Stanford students

Summer travels took Bob Harrison to one of Silicon Valley's intellectual engine rooms — Stanford University

It was that time of year when I pack my bags and fly to Silicon Valley to be a reviewer for the Stanford Graduate School of Education Masters Degree course “Learning Design with Technology”. On either side of highway 101 from San Francisco to San Jose you can find the homes of many of the household technology names — like Google and Apple — that support our busy and digitally connected lives.

Stanford is in esteemed company, and it makes the most of it with its Learning design with Technology course. It’s a unique blend of blue skies, venture capital and the intellectual property and innovative ideas that gush out of the growing Stanford Campus in Palo Alto.

Sports day in Nepal

Who best to help teachers? Other teachers. Even during the summer break!

London teacher Catherine Steel travelled to Nepal over the weekend (July 30) with 23 other UK teachers to help support local teachers and improve learning for their children. It’s part of a global teacher movement called Limited Resources Teacher Training (LRTT)).

“There’s an extra challenge for me,” said Catherine Steel before setting out. “ICT is integrated in my teaching so I’ll have to be extra flexible with local resources and connectivity to share our exciting UK experiences with Nepalese colleagues. I’m hoping to report back with pictures on my blog, Catherine Rambles On."

Kensington roof garden flamingos

Could the Government finally be waking up to ICT for learning? Or is it just a dream? Bob Harrison reports

A sunny barbecue amid the greenery and flamingos of the Kensington Roof Gardens might have tempted me to forget “austerity” and England's schools funding crisis. But I was present as a panellist at a briefing by the British Educational Suppliers Association (Besa) for its members, and they want the facts rather than the ideology — the window dressing — particularly as the Department for Education (DfE) finally appears interested in creating a policy for ICT for learning (see below).

Trade associations are diplomatic when it comes to politics, but I have no such concerns. My role was to deliver a short presentation on the policy vacuum around the use of technology in teaching, learning and assessment in schools and colleges, and the implications for suppliers of technology and services.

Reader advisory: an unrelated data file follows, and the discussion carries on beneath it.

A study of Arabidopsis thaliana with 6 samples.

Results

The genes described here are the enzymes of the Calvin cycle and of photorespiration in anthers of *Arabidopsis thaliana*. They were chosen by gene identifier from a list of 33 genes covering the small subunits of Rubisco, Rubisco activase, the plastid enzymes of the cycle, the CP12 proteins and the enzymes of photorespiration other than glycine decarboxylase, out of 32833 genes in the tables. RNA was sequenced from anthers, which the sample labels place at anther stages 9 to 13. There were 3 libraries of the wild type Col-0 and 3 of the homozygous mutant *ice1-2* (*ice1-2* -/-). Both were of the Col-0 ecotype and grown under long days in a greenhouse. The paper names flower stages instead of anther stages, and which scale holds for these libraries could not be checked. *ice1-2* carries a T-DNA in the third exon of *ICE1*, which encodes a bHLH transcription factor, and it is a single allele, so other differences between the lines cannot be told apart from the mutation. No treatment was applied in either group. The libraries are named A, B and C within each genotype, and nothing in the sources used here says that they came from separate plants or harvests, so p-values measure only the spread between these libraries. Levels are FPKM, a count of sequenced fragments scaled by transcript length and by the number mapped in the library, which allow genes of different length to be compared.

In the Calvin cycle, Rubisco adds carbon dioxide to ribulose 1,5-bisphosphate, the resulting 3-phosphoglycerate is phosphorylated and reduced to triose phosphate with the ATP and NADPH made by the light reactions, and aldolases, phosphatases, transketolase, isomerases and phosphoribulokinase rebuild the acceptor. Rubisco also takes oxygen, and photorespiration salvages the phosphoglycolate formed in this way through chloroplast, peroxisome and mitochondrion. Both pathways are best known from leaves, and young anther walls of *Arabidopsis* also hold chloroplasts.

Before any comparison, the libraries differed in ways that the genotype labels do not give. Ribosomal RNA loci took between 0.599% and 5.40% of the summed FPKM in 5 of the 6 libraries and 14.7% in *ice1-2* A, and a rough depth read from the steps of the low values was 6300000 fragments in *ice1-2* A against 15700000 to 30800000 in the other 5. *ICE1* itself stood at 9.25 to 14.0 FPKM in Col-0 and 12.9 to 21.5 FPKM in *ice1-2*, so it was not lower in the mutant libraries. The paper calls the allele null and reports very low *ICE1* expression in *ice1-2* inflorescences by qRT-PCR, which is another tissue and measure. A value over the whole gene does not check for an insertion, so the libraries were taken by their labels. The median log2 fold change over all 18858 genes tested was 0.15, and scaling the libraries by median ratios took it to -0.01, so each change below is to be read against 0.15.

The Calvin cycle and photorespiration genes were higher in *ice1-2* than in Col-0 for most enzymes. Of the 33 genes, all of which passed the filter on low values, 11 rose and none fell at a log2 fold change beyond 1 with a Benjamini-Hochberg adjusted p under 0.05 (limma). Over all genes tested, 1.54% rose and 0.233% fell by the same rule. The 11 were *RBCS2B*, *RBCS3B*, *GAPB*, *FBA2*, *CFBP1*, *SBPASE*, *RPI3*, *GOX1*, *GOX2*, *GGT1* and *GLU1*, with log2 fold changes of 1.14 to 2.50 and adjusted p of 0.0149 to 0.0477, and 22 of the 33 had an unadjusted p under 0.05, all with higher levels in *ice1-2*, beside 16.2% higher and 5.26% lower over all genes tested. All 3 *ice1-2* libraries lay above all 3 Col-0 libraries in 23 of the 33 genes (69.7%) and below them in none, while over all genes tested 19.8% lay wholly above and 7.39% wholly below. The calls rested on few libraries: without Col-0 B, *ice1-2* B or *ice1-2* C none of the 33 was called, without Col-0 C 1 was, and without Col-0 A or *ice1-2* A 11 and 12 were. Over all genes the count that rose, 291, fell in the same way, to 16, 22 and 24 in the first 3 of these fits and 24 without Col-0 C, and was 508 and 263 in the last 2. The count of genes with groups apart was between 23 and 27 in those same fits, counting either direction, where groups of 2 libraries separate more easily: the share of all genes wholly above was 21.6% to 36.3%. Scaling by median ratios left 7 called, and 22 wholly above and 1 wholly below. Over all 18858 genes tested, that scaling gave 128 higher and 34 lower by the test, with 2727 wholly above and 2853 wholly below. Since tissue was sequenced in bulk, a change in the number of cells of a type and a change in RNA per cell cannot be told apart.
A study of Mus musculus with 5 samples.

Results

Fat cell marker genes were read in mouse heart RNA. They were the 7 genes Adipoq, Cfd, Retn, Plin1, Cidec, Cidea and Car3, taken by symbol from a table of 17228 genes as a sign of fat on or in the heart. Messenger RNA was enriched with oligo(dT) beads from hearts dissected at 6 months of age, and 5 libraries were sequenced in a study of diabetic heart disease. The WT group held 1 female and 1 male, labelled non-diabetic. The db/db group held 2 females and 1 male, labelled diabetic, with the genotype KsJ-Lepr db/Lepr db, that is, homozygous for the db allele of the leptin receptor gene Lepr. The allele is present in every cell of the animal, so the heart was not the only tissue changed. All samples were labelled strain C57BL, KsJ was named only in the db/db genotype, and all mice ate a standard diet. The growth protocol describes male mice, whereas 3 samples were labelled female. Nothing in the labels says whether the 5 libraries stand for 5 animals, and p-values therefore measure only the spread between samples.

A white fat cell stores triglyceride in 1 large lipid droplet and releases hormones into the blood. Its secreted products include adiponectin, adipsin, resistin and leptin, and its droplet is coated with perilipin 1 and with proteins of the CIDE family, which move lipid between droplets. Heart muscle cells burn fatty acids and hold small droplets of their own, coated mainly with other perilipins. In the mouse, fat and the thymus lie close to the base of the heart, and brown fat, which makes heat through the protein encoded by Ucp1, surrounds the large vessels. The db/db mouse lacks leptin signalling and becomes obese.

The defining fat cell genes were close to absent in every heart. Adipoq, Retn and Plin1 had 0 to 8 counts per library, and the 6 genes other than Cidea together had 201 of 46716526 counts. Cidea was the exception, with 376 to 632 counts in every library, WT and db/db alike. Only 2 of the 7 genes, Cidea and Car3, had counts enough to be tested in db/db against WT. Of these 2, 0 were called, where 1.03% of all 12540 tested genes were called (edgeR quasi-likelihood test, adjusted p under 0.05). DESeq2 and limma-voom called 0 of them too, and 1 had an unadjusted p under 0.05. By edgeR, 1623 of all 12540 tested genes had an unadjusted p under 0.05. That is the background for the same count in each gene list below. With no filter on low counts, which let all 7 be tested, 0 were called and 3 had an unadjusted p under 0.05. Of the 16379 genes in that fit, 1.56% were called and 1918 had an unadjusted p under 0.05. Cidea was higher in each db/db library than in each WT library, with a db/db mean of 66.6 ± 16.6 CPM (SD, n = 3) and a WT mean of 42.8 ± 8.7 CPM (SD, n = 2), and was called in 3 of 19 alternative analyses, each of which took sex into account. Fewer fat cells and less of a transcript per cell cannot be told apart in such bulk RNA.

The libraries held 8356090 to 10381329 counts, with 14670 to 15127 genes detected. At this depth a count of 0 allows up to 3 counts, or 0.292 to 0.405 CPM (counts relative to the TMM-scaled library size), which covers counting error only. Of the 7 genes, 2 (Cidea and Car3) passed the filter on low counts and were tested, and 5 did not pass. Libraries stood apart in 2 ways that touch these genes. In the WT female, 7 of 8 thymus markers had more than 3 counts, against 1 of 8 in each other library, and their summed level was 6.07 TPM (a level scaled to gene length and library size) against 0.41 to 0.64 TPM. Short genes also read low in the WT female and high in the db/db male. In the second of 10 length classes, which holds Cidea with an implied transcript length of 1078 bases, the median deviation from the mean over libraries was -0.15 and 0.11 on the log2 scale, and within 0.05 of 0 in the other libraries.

Children working with tablets

Government pledges raise hopes of better support for technology for learning

After seven years of almost total government neglect of schools ICT, the Department for Education (DfE) is finally showing signs of developing the political will to create a policy for its schools and colleges.

It has just conducted three stakeholder meetings with representatives of the education community and sent senior civil servant Emran Mian, director of strategy and social mobility at the DfE to deliver a clear message: "We have been more absent in this space than we should have been, but there has been a shift in leadership in the DfE and we have had a very clear and strong steer from the Secretary of State. Now there is alignment between political leadership and civil service leadership on this issue."

Students using Frog

Who said learning platforms are dead? Denmark signs Frog for national schools network

Leading UK learning platform provider for schools, Frog Education, has won a contract to provide a bespoke 'Facebook for education' for 2 million users in Denmark.

The contract, worth £24 million, is for 10 years and goes to Frog and its Danish partner, business consultancy Netcompany, to develop a brand new education communication and collaboration platform. Called Aula, it will be based on Frog's technology, currently used by about 12 million students, teachers and parents worldwide.